Who Owns School?
Authority, Students, and Online Discourse

by Kelly Ritter

New Dimensions in Computers and Composition Series
eds. Cynthia Selfe and Gail Hawisher
Hampton Press, 2010

Reviewed by Rita Malenczyk
Director, University Writing Program and Writing Center
Eastern Connecticut State University


What About Freire?

The Pink Monkey

Psst! Wanna Buy A...?

And His Pants Are Ugly



References and Credits

My opinion of all this?  And of Who Owns School? Though I may have not emphasized it sufficiently in this review, Ritter is a provocative, rigorous and persuasive writer, articulating her positions eloquently through the lenses of rhetorical and composition theory, literacy studies, and literary theory.  If I disagree with her at all, it’s on what may be a tangential point, but still one worth pondering.  Early in the book she suggests that the only students who really seem to “appreciate and respond to the presence of a teacher-figure” these days are, in her experience, graduate students; her (qualified, but still strong) suggestion that undergrads no longer feel the need for teachers in their lives is contradicted by my own experience, which suggests that face-to-face (ok, f2f) contact with teachers as well as peers is still crucial for a large number of undergraduates.  And I don’t think I’m just deluding myself about the importance of my own influence.  Possibly it’s because I direct a writing center, but every day I see (and read about, if the National Survey of Student Engagement is any indication) undergraduates seeking in-person conversations about matters ranging from their career goals to their papers-in-progress.  This hunger, it seems to me, for actual human contact points to what I think is ultimately the problem with American education: the system has made objects, figures, of teachers—a point Ritter addresses at length in Chapter 5—and has not engaged sufficiently with what years of pedagogical and educational research, including that in composition and rhetoric, has revealed about how students actually learn.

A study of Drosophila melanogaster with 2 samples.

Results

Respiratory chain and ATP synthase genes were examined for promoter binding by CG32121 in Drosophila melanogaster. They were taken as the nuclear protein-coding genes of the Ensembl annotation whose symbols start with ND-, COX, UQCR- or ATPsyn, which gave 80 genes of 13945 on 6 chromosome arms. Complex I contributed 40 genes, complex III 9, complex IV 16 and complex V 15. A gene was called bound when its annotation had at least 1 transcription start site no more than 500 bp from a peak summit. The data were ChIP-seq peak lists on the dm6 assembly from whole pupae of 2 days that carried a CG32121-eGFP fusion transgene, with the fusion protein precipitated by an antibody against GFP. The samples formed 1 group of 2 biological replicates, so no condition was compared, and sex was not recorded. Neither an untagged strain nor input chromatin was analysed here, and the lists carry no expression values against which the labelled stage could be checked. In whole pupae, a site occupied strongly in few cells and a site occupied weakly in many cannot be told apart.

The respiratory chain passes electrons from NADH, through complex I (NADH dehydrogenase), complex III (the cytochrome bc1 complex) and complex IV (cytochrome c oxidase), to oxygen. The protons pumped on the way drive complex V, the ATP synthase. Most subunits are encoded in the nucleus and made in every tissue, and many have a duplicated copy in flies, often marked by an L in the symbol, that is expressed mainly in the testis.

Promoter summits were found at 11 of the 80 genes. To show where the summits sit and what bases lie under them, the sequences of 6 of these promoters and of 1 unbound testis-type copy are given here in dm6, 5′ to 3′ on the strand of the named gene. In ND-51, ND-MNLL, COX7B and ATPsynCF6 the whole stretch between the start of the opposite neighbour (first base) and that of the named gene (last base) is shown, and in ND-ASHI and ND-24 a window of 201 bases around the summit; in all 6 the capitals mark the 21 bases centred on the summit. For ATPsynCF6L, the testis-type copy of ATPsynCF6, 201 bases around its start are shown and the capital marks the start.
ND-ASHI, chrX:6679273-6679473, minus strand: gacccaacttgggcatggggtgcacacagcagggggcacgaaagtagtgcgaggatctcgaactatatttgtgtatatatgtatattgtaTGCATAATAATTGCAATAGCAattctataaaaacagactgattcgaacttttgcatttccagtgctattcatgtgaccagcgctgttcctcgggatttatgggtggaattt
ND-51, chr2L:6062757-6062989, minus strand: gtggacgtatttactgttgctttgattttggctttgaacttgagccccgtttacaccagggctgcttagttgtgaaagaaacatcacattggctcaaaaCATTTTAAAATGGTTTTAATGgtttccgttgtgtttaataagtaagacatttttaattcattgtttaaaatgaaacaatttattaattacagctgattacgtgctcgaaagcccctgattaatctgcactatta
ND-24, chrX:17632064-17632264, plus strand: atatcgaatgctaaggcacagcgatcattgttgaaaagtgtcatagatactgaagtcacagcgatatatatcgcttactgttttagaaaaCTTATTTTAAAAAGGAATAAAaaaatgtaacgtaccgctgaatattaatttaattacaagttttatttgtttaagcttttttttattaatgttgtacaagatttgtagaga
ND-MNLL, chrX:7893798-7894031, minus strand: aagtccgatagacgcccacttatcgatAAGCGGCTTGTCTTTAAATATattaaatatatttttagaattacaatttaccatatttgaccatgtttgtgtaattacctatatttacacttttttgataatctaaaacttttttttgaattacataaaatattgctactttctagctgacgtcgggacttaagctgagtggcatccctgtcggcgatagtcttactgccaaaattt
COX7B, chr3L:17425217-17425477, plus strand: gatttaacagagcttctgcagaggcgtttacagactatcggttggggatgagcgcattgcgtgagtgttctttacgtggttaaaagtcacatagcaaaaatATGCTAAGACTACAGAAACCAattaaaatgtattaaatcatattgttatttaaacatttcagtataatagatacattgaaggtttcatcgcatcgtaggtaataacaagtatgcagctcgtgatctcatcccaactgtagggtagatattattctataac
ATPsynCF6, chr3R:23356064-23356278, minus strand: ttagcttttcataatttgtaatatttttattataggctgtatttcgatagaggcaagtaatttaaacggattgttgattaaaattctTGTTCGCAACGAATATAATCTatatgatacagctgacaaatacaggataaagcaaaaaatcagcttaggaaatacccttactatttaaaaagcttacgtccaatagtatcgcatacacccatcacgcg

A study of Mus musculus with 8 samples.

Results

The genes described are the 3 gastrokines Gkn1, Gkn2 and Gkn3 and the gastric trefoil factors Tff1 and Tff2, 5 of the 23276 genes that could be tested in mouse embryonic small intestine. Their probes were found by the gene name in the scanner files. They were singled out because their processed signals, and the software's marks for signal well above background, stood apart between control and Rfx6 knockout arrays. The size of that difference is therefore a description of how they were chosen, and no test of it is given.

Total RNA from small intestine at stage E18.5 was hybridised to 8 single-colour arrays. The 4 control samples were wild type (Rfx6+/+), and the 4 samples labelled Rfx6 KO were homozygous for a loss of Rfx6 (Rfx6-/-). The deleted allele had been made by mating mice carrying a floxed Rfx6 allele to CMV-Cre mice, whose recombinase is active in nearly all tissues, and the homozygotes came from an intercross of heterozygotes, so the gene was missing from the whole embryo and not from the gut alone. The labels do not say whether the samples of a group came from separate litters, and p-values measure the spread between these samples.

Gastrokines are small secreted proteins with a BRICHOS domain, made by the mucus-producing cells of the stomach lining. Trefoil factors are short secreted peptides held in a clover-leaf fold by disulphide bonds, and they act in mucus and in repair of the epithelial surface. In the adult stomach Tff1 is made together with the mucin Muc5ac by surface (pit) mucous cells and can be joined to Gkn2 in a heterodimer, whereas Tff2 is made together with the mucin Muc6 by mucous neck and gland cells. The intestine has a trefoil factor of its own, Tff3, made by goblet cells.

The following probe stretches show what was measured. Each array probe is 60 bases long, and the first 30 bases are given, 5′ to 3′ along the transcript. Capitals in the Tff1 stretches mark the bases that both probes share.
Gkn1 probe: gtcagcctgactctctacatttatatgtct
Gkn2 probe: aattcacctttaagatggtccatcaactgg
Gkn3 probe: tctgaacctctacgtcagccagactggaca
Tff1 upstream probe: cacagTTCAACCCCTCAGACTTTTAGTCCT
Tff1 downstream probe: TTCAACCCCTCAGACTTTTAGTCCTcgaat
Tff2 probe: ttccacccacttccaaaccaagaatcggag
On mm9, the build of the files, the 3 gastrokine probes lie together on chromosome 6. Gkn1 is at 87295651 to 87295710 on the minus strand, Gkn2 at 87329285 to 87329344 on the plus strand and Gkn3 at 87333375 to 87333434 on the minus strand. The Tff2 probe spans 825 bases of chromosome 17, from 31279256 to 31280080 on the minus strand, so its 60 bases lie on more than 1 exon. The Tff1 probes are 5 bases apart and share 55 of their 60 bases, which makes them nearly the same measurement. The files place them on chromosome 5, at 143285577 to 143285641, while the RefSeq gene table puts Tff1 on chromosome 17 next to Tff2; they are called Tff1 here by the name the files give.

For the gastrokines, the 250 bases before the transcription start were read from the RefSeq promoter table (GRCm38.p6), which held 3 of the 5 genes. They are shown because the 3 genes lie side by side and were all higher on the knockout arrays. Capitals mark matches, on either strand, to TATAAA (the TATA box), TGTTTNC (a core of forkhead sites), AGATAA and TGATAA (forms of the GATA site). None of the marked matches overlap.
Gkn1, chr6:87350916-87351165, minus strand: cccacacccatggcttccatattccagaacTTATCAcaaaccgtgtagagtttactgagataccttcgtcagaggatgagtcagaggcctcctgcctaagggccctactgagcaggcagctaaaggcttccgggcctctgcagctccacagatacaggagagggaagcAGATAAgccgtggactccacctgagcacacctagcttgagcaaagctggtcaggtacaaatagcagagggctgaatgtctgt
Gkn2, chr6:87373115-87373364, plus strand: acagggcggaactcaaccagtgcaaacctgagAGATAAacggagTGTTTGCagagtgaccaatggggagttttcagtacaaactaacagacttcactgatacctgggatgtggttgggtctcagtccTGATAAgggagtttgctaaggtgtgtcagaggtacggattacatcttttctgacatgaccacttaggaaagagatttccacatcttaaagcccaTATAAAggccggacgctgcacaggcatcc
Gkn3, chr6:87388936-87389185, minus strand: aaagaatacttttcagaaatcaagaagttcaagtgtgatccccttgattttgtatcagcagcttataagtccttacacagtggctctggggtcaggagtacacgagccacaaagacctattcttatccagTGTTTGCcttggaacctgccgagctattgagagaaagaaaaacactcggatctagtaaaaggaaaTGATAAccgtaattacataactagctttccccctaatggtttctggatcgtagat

But, again, that’s a minor quibble, and ultimately irrelevant to Ritter’s goal in the book, which is not to offer blueprints for a newly imagined American educational system or (as she herself says) to provide “a how-to lesson in using or addressing online technologies in teaching” (p. 12).  The most compelling aspect of Who Owns School? is its incisive analysis of the conversations students have on and about online sites, as well as of the consumerist rhetoric deployed by paper mills to exploit students’ disengagement.  That analysis will complicate and, hopefully, change the way you think about your students as thinkers, learners and citizens.  Read this book.  In Ritter’s own words, “If you, the reader, opened this book and found yourself doubting what I might reasonably theorize about literacy education and…Web sites with silly, faddish names that you had never heard of, then I’m directing a prompt personally to you—because your spheres, I’m sorry to say, are not as wide as you may have previously thought.”